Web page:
HPP technology will change the future

High Pressure Processing (HPP) has been around 30 years but has become mainstream in the last few years, and will disrupt the juice industry, according to Botanica managing director, Richard Magney.

HPP is a cold pasteurisation technique used to eliminate vegetable flora. Utilising 6000 bar of pressure (there is 37 bar of pressure in your car tyre), it destructs the DNA of vegetable flora, so they no longer survive or multiply.

Due to an absence of heat treatment, enzymes, nutrients and key minerals are not affected, and flavour is amplified.

“In the world of orange juice, it is the closest thing to eating an orange,” Magney said.

“Five years ago, Botanica fell into HPP by default. We’d been trading for 12 months as a small juice company in Bondi, and the Neil Perry culinary team asked us to supply QANTAS first and business class with fresh juice, but he had a very specific brief; no preservatives and maximum vitamin retention.

“We were challenged with a difficult task – fresh juice without compromising flavour. No heat treatment but safe to drink. We were turning over $100,000 at the time, supplying cafes and small markets.”

READ MORE: CSIRO – four new technologies for food processing

They googled and found HPP technology, which he says is considered one of the world’s fastest growing food and processing disruption aids.

“Disruption can only truly occur when both the product is superior to other products in the market and economies of scale allows for both domestic and international distribution.

“The juice world we lived in 20 years ago isn’t the juice world we live in today, and the juice world we live in today won’t be the juice world we live in in another 20 years.

“There is a generational shift occurring. It won’t be the ability to change the fruit, but the availability to change the technology that will be the catalyst for the shift.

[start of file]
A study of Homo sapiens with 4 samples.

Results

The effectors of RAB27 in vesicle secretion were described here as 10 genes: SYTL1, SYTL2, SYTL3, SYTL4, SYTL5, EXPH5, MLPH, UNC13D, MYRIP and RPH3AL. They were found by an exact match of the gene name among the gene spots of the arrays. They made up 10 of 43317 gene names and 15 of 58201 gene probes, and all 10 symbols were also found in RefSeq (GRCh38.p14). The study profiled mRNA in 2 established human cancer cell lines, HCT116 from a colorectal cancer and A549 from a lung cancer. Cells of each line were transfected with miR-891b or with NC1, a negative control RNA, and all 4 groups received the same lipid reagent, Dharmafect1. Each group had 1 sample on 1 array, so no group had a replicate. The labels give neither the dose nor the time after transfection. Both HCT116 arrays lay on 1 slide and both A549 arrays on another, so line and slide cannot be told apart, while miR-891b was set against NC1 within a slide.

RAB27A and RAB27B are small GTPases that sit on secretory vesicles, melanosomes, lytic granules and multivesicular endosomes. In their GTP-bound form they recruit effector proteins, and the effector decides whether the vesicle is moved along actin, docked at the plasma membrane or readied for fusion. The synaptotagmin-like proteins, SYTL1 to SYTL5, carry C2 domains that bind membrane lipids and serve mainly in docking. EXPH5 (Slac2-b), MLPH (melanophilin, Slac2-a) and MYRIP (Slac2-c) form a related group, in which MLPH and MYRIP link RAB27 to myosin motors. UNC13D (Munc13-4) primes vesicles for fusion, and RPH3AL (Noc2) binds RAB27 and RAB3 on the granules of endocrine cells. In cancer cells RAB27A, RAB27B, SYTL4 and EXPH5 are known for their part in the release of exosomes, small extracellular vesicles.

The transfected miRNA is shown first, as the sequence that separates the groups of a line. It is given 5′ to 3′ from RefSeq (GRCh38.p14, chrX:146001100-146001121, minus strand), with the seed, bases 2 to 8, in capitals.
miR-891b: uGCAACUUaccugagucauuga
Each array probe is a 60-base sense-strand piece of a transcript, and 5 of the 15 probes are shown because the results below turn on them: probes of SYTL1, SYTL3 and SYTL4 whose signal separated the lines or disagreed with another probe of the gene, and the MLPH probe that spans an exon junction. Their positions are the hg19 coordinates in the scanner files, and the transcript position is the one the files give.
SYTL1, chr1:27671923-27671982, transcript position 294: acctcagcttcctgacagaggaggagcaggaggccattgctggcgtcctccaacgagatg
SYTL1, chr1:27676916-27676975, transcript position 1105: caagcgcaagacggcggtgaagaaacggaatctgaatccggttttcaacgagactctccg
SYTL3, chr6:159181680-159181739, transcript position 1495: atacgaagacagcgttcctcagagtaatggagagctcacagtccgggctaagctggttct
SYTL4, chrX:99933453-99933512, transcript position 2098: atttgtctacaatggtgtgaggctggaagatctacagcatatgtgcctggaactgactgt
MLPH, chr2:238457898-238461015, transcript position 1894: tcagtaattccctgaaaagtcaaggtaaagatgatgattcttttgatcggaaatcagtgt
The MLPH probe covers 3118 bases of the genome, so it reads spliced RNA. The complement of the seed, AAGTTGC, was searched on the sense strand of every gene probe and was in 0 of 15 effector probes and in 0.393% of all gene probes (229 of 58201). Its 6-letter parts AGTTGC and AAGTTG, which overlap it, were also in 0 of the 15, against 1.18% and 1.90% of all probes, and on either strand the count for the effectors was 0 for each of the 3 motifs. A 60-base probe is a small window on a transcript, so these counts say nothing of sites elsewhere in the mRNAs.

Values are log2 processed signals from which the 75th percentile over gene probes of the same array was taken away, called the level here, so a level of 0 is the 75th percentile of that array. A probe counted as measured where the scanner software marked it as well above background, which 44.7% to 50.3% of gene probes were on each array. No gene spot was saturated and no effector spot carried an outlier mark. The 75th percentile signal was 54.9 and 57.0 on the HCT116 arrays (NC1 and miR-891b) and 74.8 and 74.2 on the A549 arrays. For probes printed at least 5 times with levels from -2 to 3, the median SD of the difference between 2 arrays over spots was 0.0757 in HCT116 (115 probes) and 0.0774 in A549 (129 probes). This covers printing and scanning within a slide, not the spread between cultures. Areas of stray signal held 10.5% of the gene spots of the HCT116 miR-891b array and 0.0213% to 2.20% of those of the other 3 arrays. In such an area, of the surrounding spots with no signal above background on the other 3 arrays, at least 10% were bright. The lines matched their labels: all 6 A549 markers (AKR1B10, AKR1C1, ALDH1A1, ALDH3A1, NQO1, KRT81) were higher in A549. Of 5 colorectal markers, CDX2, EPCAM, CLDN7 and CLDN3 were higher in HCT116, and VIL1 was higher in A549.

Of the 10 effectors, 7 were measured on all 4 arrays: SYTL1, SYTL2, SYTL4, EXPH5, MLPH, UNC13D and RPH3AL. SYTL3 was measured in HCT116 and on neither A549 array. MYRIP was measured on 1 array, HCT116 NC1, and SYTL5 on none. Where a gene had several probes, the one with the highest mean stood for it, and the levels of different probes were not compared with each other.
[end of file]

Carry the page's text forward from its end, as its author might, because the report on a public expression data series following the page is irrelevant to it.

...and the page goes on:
“There are companies around the world right now with dedicated scientists and engineers working to crack the code for an inline automated juicing and HPP process, which will allow juice companies to reengineer their entire outlook on what they perceive is fresh juice, and more importantly, what consumers perceive fresh juice to really be.

“It takes the inertia of two forces to create seismic change, and this is coming in the form of consumer demand and technological innovation.

“The single goal for HPP technology manufacturers is to democratise fresh. Today, fresh is expensive. The chilled category is pricey, the ambient aisle is cheap.”

Magney said HPP technology manufacturers know that if they are to remain relevant, they need to design tech that allows fresh to be affordable and accessible to all consumers no matter what their socio-economic status.

“Billions of dollars of public and private capital around the world are being poured into this generational shift of redefining the word fresh. If we stare into the crystal ball, we’ll see a global movement into greater wellbeing.

“Millennials are smart, and so is the wave of Gen A behind them, and Gen B behind them. If I was a betting man, I’d double down on HPP as most desired form of juice and viscous food in 10 years.”

Magney said in the last five years, more companies around the world have invested in HPP technology, including Coke, Pepsi, Starbucks and Hain Celestial. Coke invested in HPP in Australia in Oct, 2018.

“Today’s millennials that are spending more money on wellness and reading packaging word for word, will be the buyers, category managers, and executives of Woolworths, Coles, Aldi and Costco in the future. Understanding today’s market is critical, but understanding the future market is power.”